New Tissue Banking DVD
Today we know that “smart” drugs such as Gleevec can block some of the abnormal genetic pathways that cause cancer, with little damage to normal cells. How do scientists acquire such knowledge? One way is from patients who donate their tissue to be studied. These samples, analyzed soon after they are taken or frozen in a tissue “bank” for future use, hold vital clues to the understanding, prevention, and treatment of cancer.
A new, 15-minute audiovisual program and educational booklet is now available to educate patients and families about tissue banking, why it is important, and who benefits from it.
“Tissue banking provides the basis for discovering why some cells become cancerous and what we can do to improve outcomes,” explains Chief Medical Officer Lawrence Shulman, MD, on the DVD. “For example, to develop treatments for HER2 breast cancer, we needed thousands of sample tumors.”
When human tissue is removed during a medical procedure such as an operation, biopsy, or blood test, the leftover portion can be sent to a tissue bank (several of which are located at Dana-Farber), where it is preserved. Not only can the sample help doctors tailor therapy to a patient’s particular cancer; research done on the extra tissue, with a patient’s written consent, can help others.
Christina Parker, MD, associate director for Faculty Activities at DFCI who also created an award-winning video in 2005 that explains the pluses and minuses of enrolling in clinical trials, developed the new DVD. She says both programs are intended to increase understanding, not enrollment, and she consulted with the Adult Patient and Family Advisory Council to plan them. “You must have a collaborative relationship with patients to get a good video,” she says. “It wasn’t about me deciding what the video should be. Patients and families shaped it.”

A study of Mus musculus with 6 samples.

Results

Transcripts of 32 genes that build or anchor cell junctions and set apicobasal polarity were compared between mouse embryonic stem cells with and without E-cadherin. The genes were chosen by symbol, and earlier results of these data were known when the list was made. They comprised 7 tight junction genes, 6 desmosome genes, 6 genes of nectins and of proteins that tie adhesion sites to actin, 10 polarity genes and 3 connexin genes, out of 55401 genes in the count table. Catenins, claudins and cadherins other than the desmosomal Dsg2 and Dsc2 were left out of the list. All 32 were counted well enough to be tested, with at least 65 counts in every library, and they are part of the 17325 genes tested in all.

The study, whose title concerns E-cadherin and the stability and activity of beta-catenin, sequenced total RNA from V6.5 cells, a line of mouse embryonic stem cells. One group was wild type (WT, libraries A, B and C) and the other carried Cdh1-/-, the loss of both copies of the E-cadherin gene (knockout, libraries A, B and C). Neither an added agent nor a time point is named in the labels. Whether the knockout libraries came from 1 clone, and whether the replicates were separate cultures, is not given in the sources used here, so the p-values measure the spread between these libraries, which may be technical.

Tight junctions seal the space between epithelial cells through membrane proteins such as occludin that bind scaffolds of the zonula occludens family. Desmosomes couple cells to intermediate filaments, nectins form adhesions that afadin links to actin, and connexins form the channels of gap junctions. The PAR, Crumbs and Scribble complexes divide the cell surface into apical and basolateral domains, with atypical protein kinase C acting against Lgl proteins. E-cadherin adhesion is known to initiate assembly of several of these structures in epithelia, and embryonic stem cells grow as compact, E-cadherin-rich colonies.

Because of patient privacy laws, informed consent for tissue banking is key. The actual piece of tissue is very helpful, but it is even more valuable if patients are willing to share personal information such as gender, age, or medical history, and grant scientists access to their medical records. They can also agree to be contacted in the future by investigators who want to check on their health status. Researchers can then link this information to various outcomes, such as whether someone receiving a certain type of treatment went into remission or had a recurrence.
As with the clinical trials video, patients express a strong desire to help improve cancer treatments for future patients. “I feel wholeheartedly that I was able to contribute to someone being healed cured, or treated,” says Brenda Henry-Brown, co-chair of the Adult Patient and Family Advisory Council.
The DVD, available in English and Spanish, was produced by Rose Productions and funded by the National Cancer Institute. It is available for viewing here.